District Must Collect Racial Data on Voters

By Christopher Williams

Southwest Voice Editor-in-Chief

Southwest Voice recently called for the District of Columbia to generate a semi-annual report on voter turnout rates by race. That article was positively received and widely circulated. In a follow-up, this paper seeks to raise concerns about additional issues about the integrity of elections in the District. We call upon the District to immediately study these issues and satisfactorily address these concerns in the current legislative session.

Order of Candidates on the Ballot - We first became suspicious when At-Large member Christina Henderson appeared at the top of the ballot in her race in 2020 to replace her former boss, David Grosso. Councilmember Henderson had served as Mr. Grosso's Deputy Chief of Staff. The field for the at-Large race was crowded with 23 candidates vying for one of two seats reserved for independent, Republican, or third-party candidates. Robert White, an incumbent, won the other seat. We have no evidence to prove that the DC Board of Elections managed the order of candidates that would contradict their public statement that candidates were randomly placed on the ballot through a public lottery. However, we find it too coincidental that the former senior staff of the Councilmember whose seat was open was listed first. This paper spoke with a major candidate in that race who was surprised by Ms. Henderson's win. We ask that the Council immediately investigate this issue and employ an impartial body to interview Board of Elections current and former staff. This position should not be construed to in any way to implicate Ms. Henderson.

Some have claimed that Robert White should have been listed before Trayon White alphabetically, but these claims are not consistent with the law. "The candidate whose name is pulled first from the container shall have his or her name appear first on the ballot; the candidate whose name is pulled second shall have his or her name placed second on the ballot; and this order shall continue until all candidate ballot positions have been determined."

The public lottery is live and available to the public for viewing. This paper seeks clarification about the law in the following scenario. If the Board of Elections randomly generated several lists in advance of the public lottery and re-ran a preferred list for the live public event, would this be consistent with the law? In other words, if the Board of Elections used a randomized list (one of many) for ballot order and opted to use this list, does the law on elections cover this scenario? Our reading of the law is that there is ambiguity in the law. Technically, the ballot order would be random, but managed.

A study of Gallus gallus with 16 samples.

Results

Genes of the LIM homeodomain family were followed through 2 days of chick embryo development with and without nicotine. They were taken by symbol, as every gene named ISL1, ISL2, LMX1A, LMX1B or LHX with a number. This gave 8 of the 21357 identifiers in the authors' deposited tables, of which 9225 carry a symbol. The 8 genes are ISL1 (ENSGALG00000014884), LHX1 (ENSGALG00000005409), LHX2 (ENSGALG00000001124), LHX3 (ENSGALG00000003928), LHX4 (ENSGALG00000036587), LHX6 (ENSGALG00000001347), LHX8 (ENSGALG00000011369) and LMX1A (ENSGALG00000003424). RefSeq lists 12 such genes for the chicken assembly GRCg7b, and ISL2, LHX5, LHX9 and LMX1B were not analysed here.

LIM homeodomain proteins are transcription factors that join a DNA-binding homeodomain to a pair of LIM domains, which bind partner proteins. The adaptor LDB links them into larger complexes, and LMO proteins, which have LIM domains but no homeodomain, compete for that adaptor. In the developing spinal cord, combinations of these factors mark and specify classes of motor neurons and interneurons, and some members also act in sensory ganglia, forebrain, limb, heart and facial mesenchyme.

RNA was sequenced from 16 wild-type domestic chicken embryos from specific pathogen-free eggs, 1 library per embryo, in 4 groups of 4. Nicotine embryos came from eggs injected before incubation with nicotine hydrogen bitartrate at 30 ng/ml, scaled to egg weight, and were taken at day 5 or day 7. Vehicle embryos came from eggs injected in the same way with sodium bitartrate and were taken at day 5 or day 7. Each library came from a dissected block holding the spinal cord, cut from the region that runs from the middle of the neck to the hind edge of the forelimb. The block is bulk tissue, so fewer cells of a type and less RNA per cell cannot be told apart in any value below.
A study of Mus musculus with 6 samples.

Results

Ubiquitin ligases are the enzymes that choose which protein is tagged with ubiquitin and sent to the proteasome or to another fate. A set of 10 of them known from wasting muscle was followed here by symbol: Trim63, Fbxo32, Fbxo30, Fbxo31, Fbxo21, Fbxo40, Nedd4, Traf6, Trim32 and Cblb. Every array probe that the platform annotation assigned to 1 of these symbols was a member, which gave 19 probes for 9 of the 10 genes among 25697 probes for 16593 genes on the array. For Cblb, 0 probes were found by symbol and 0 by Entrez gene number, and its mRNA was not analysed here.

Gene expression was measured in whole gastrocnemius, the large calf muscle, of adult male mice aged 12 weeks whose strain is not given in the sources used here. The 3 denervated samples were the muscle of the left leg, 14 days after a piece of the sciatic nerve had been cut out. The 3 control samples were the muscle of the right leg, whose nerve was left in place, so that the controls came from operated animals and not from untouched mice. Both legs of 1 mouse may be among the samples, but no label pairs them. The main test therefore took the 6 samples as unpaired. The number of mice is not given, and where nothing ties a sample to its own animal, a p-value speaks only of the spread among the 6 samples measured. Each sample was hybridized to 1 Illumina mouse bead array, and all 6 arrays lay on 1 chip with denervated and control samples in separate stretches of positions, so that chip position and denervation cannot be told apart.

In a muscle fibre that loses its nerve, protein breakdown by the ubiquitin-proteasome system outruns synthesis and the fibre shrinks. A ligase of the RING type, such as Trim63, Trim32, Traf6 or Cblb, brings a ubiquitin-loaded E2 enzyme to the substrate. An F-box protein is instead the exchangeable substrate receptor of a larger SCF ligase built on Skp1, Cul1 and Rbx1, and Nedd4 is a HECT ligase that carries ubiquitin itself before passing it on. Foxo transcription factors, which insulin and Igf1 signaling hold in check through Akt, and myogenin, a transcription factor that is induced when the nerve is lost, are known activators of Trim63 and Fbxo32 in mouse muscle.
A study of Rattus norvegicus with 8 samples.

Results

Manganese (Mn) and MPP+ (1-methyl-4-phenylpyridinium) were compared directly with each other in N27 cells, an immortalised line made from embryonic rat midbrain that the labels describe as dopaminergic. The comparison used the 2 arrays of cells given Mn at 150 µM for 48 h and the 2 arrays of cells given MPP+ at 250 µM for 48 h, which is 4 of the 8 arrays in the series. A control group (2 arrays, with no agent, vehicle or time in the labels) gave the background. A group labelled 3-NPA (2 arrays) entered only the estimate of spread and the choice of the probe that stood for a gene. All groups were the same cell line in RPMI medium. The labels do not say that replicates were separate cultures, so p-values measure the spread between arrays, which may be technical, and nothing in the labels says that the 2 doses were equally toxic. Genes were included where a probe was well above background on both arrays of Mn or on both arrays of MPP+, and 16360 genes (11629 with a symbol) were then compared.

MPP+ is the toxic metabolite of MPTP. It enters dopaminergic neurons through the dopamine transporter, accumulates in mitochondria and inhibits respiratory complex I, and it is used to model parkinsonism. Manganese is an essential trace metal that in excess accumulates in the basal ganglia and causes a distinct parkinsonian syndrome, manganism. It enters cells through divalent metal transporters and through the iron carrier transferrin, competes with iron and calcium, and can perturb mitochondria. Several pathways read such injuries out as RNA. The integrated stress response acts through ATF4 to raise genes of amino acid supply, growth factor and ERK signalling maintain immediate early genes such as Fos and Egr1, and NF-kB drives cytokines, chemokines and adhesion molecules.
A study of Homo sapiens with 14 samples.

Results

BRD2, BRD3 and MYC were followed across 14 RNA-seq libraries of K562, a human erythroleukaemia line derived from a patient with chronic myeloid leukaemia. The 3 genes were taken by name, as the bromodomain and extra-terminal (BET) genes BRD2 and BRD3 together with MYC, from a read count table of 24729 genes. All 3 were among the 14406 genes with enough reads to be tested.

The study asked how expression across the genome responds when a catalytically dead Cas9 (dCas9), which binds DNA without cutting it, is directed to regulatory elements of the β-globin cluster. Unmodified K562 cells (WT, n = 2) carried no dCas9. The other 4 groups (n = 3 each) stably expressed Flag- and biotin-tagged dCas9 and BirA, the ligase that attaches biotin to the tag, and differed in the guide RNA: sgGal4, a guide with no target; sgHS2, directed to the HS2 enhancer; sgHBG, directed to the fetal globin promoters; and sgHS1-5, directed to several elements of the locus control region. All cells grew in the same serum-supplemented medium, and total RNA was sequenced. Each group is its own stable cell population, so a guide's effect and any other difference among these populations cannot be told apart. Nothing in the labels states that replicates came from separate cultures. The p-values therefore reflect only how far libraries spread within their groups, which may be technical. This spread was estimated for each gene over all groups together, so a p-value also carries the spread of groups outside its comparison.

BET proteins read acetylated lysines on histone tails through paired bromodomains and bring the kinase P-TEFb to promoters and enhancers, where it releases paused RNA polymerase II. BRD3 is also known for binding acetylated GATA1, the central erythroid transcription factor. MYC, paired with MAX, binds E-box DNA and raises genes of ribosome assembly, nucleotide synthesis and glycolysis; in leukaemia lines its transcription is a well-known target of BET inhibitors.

Certified Election Results Published in DC Register - This paper has twice emailed the DC Office of Attorney General to seek clarification about the certification of election results. The DC Board of Elections and Ethics is required by law to publish election results in the DC register, "shall publish the results of each election and the nominees or winners in the D.C. Register". We could not find the 2020 election results in the DC Register, including certification of write-in Advisory Neighborhood Commission (ANC) results for an election in Southwest. We could not find where the ANC6D-02 election, a race with only write-in candidates and no ballot-eligible candidates, was certified. The Office of Attorney General has not responded to our question other than to say that they are looking into it. In part, the letter reads, "I have looked extensively through the DC Register - by DCR issue and by sorting by the DC Board of Elections. Am I missing something? This search started from an inquiry whether write-in candidates are considered part of the certified election results. I can't find an answer to that question either." The letters, which can be viewed here, discuss the search parameters to find the certified election results.

Southwest Voice is calling for immediate attention to the integrity of elections in the District to include the issues that we raised in our previous public statement (below).